Marked with Oil
A Community of Salvation
Mary was the emotional one
she carried her heart on her sleeve
she got choked up when they said the blessing before a shared meal— when everything smelled so good and was perfectly laid out
with candles glowing and wine flowing
the way Martha always got it just, exactly, beautifully right—
she was a romantic that way
wishing she could climb inside that feeling and live right there
when everything and everyone was just exactly as should be
she was quick to say “I love you” and quick to lose her temper and quick to pick a favorite quick to get her feelings hurt quick to protect
quick to fuss
and quick to forgive everything with Mary was big
it was no different in her relationship with Jesus in fact, it was all just that much bigger somehow he saw her
she saw him
they got each other
oh, how she loved him
she was overcome with gratitude for what he meant to her the space he made for her
the protection and affection he offered their family
Three Years. No Fruit.
I'm rethinking salvation today. Well, not just today, but particularly today as we hold this broadly known story of the prodigal son. Folks far beyond our Christian tradition know this term. “The prodigal son has come home,” people exclaim, whether in jest or in sincerity. We tell the story about the behavior and actions of this one man. His walk of shame. His loving and forgiving father. His begrudging and do-good-always brother. As I hold this story, though, I hear echoes of Jeremiah 29:7, “Seek the welfare of the city where I have sent you...In doing so, you will find your own.” Our welfare, our shalom, our flourishing is intertwined. Our life together matters just as much as our individual lives. There is something happening in this story that is about the son who returns home and also not about him. There is much more happening about the void he leaves and the potential atrophy of his community...and we’ll come back to that.
One of the most beautiful examples I can think of this kind of communal care comes in the story of Remus Lupin. If you haven’t yet read Book 3 of the Harry Potter Series, The Prisoner of Azkaban, I’m about to give some character spoilers but not plot spoilers. I want to honor anyone who reads in sequence and needs to take a minute to plug ears as we explore the story of the Shrieking Shack—this boarded up house with seemingly no access point that is rumored to be haunted. Almost 50 years ago, people who lived nearby could periodically hear screams coming from inside, and no one dared explore the premises. Even Dumbledore himself, beloved headmaster of Hogwarts, confirmed the rumors of its hauntedness and urged everyone to stay away. It turns out the only way in and out of the Shrieking Shack is through a tunnel that begins at the roots of the Whomping Willow—a tree that moves and fights and can wound anyone who comes near to it—and the tree was planted to protect that entrance.
What does it all mean?
Becky Meriwether, Priscilla Stovall, Caroline Durham, and I attended an event on Friday morning hosted by The Atlantic Monthly about race and justice in New Orleans. It’s a series they are producing around the country funded by a MacArthur grant to look at questions of mass incarceration, the system supporting prisons, and all of the intersection conversations that surround the carceral state. The underlying question in every session came back to the inherent value and worth of black and brown lives. Do we as a nation believe some people are inherently more dangerous, more broken, more in need of fixing, more worthy of incarceration, less worthy of being seen as fully human?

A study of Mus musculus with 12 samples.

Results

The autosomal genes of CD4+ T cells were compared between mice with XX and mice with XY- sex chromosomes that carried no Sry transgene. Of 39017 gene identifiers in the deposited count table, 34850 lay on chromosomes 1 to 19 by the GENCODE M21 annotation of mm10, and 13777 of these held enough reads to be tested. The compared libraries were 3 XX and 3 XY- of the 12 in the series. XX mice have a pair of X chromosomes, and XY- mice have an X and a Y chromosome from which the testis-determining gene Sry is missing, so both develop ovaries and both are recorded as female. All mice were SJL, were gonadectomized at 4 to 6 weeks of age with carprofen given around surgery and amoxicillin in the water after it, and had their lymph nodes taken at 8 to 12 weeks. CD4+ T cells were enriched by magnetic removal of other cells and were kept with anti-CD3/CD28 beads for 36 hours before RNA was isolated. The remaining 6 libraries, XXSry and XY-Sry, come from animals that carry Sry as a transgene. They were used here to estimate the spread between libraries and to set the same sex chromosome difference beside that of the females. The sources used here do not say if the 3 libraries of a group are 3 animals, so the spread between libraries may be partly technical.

We have an elaborate system in place in our country that answers “yes” to that question. And every discussion of recidivism, mental health, education, poverty, equity, and opportunity came back to the essential question about the full humanity of all people. It was telling as certain key officials who are tasked with incarcerating human bodies and counting the “inventory” in our local jail seemed oblivious to the complexities of value and worthiness of a life and unable to incorporate human narrative into their work. Their imaginations were bound like the roots of a tree that has outgrown its pot. Stifled. Locked. Unable to move beyond the containers in which they live and move and have their being.
There are signs that mark our lives and connect with the essence of who we are. Scents and songs and images, but the signs are just as significant. We have a Walgreen’s across the street from the church now. Have you even noticed? It’s been the Rite Aid for as long as I’ve lived here, but I’m smart enough to know that it’s really the K&B. And I know that if you peel the signs off of the Broadway side door of that building, the K&B logo is still underneath everything on the outside. The K&B on Springhill Avenue in Mobile was the marker to turn to my grandparents house. A marking sign in my childhood that we were almost there.
When I drive to my hometown now, like I did on Friday, something happens in my heart along I-10 when I see the “Sweet Home Alabama” sign. I don’t even know if I’ll ever live in Alabama again in my lifetime, but when I see that sign (or, let’s be honest, hear the first notes of the Lynyrd Skynyrd song) I’m home. There’s this other sign on I-65 when you’re driving North from Mobile to Montgomery or Birmingham, as I have so many times, that pictures a red devil with a pitchfork. Do you know it? Have you seen it? It says, “Go to church of the devil will get you.” It disappeared for a while recently, and I had mixed feelings. On the one hand, the theology is so gross, but on the other…that’s one of my signs. I know where I am when I see that sign. Turns out the owners were just repairing it to hang it again after a storm, so that Southern Gothic combination of landmark and toxic theology is still right there along I-65 on the northbound side near Prattville.